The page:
We recently wrote about the way offices are changing. The office is far from dead, but sometimes making it into the office every single day can be a challenge.

Especially in a world where the need to attract serious talent is competitive and doesn’t always appear on your doorstep, many roles call for the need to work remotely.

What exactly does remote working mean? It means being part of a company permanently, yet working from somewhere other than their office for most of the time.

“The flexibility and freedom that comes with being a freelancer/contractor is extremely attractive for talented people”


What if you find the talent to help take your business forward outside realistic commuting distance? If you really want to make it happen, there may be ways of making it work.

We often talk about the feasibility of doing this with our clients who have embraced remote working, so we caught up with Rob Lowe, Digital Director at Mr B and Friends and Jon Hadley at Lobster Pictures to find out what it takes to make remote working a success from the outset.

ADLIB: Where to start? How did you introduce remote working?

Robert-lowe-mr-b Rob Lowe (pictured left): We introduced remote working as part of a wider ‘Flexible Benefits’ package available to all of our staff. Along with remote working, this also includes flexible working hours and other great benefits such as Free ‘Get Fit at Work’ fitness training programme, subsidised gym memberships, Bike to Work loan scheme, car park loan scheme, discounted shopping and childcare vouchers.

We identified that the flexibility and freedom that comes with being a freelancer/contractor is extremely attractive for talented people. To ensure that we are able to attract and retain the best people in the area we want to offer them the best working environment possible.

Jon Hadley lobster PicturesJon Hadley (pictured right): We’re an R&D driven business, so it’s vitally important that we consider any suggestion that might bring about an improvement in our hardware, software, or business processes. In this case, we trialled the arrangement for six months, without issue, and introduced it fully afterwards. We allow both permanent remote working arrangements for up to two days a week and irregular ‘working from home’ days upon request.

ADLIB: Is there one piece of advice you could share with those wanting to introduce this option within their company?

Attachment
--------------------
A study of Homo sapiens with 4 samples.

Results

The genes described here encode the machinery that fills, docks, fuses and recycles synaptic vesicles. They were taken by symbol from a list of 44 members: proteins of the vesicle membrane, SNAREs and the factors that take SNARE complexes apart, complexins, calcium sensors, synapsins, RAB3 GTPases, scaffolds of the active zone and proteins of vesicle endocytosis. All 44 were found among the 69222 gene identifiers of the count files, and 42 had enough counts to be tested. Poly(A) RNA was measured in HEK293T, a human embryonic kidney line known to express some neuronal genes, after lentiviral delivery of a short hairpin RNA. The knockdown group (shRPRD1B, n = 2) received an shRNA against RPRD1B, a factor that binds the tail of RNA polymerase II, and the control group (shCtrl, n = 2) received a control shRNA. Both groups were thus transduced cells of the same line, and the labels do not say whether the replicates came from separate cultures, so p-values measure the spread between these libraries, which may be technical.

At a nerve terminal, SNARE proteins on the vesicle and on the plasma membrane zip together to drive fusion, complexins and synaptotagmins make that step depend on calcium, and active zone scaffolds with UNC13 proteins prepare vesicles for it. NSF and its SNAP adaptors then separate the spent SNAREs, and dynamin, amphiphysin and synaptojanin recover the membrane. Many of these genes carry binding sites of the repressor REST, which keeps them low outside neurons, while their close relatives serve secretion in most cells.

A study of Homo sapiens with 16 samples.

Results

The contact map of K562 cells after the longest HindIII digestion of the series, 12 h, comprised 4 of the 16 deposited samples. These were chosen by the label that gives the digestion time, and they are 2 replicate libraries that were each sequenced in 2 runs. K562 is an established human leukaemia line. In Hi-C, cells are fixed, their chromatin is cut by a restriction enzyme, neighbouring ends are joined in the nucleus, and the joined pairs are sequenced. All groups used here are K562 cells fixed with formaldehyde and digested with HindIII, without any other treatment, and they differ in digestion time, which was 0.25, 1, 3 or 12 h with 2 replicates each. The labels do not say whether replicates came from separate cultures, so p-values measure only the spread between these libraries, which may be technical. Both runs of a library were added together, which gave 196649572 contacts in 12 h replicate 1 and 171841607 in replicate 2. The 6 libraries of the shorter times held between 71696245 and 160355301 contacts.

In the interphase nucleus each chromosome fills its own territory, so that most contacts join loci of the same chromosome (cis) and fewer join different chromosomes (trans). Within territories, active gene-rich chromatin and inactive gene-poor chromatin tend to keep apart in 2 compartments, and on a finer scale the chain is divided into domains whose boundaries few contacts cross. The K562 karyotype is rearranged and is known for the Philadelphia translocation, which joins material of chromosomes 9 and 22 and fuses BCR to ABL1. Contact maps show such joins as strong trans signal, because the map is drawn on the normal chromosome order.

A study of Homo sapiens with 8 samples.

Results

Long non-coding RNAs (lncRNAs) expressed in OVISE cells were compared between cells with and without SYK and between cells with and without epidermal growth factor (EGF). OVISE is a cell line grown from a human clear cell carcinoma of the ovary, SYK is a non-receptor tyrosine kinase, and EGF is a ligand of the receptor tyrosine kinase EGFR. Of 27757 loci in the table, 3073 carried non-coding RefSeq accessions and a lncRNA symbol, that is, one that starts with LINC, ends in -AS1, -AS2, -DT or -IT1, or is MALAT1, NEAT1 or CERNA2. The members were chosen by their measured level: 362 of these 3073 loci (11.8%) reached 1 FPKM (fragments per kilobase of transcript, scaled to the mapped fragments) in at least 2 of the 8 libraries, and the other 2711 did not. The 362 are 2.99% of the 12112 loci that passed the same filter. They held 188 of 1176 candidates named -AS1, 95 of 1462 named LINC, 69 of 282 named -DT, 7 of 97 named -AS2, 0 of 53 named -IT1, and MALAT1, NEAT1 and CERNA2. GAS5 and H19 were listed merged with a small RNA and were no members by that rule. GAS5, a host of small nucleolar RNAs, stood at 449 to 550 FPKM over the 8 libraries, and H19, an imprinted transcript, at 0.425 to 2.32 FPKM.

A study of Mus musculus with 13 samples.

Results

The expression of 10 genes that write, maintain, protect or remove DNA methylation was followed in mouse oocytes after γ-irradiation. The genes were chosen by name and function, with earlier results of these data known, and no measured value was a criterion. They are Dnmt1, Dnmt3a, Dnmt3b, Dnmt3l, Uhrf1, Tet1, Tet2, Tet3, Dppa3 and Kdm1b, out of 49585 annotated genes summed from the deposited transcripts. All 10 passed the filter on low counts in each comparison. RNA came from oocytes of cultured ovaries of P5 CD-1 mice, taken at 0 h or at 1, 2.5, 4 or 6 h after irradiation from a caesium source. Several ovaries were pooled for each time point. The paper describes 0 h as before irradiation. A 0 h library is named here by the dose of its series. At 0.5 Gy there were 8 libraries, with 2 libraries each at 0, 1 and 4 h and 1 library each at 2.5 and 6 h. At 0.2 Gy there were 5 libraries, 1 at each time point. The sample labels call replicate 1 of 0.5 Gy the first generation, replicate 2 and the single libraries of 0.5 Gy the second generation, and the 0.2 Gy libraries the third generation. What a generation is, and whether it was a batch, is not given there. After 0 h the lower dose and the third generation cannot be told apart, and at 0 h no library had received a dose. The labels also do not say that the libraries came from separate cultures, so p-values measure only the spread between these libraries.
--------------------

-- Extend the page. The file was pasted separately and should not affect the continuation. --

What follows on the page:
RL: Have a process. It is crucial that employer benefits such as flexible working are not abused and don’t jeopardise the efficiency and quality of output from a business. Have a clear approval process (typically from line managers) and make the team’s whereabouts completely transparent to both team members and indeed clients.

“Along with process, a company needs to have the technology in place to support remote working”


Along with process, a company needs to have the technology in place to support remote working. This is often a challenge. Although access to email and remote access to servers can be setup easily via VPN and so on, the creative industry also throws up software challenges such as which version of Adobe Creative Studio a company or individual is using.

JH: Remote working is not suitable for all roles. Don’t be afraid to limit its use accordingly.

In my opinion you can’t manage effectively if you’re not in the office with your team for the majority of the week, so we don’t allow line managers to remote work and those staff who do still have to be in the office for a proportion of the week.

But with that said, sometimes I need a change of scenery and reduction of distractions to work though a big document or task. That’s why we also allow irregular ‘working from home’ days.

unsplash---coffee-and-pens-remote-workingProgramming (and I’m sure, lots of other intensive non-computing tasks) are well suited to remote working. Comfortable, quiet surroundings allow deep concentration on complicated tasks, without being distracted or asked to ‘context switch’ repeatedly.

ADLIB: Is there a specific characteristic you are looking for in candidates to consider them for working from remote?

JH: Yup – you’ll know it when you see it! Follow your managerial instinct. Not all candidates work well in ‘isolation’. They may need others to motivate them, or they may just miss the social energy they gain from being in the office.

RL: We make remote working available to all of our staff, new and old. We instil a level of trust in our team and allow them to take responsibility for their own working environment and indeed their own workload. It is expected that all ‘Friends’ are self starters that can manage their own time and ensure that they have everything they need to do their job to the best of their ability… wherever they are located.

Thank you Rob and Jon for sharing your thoughts.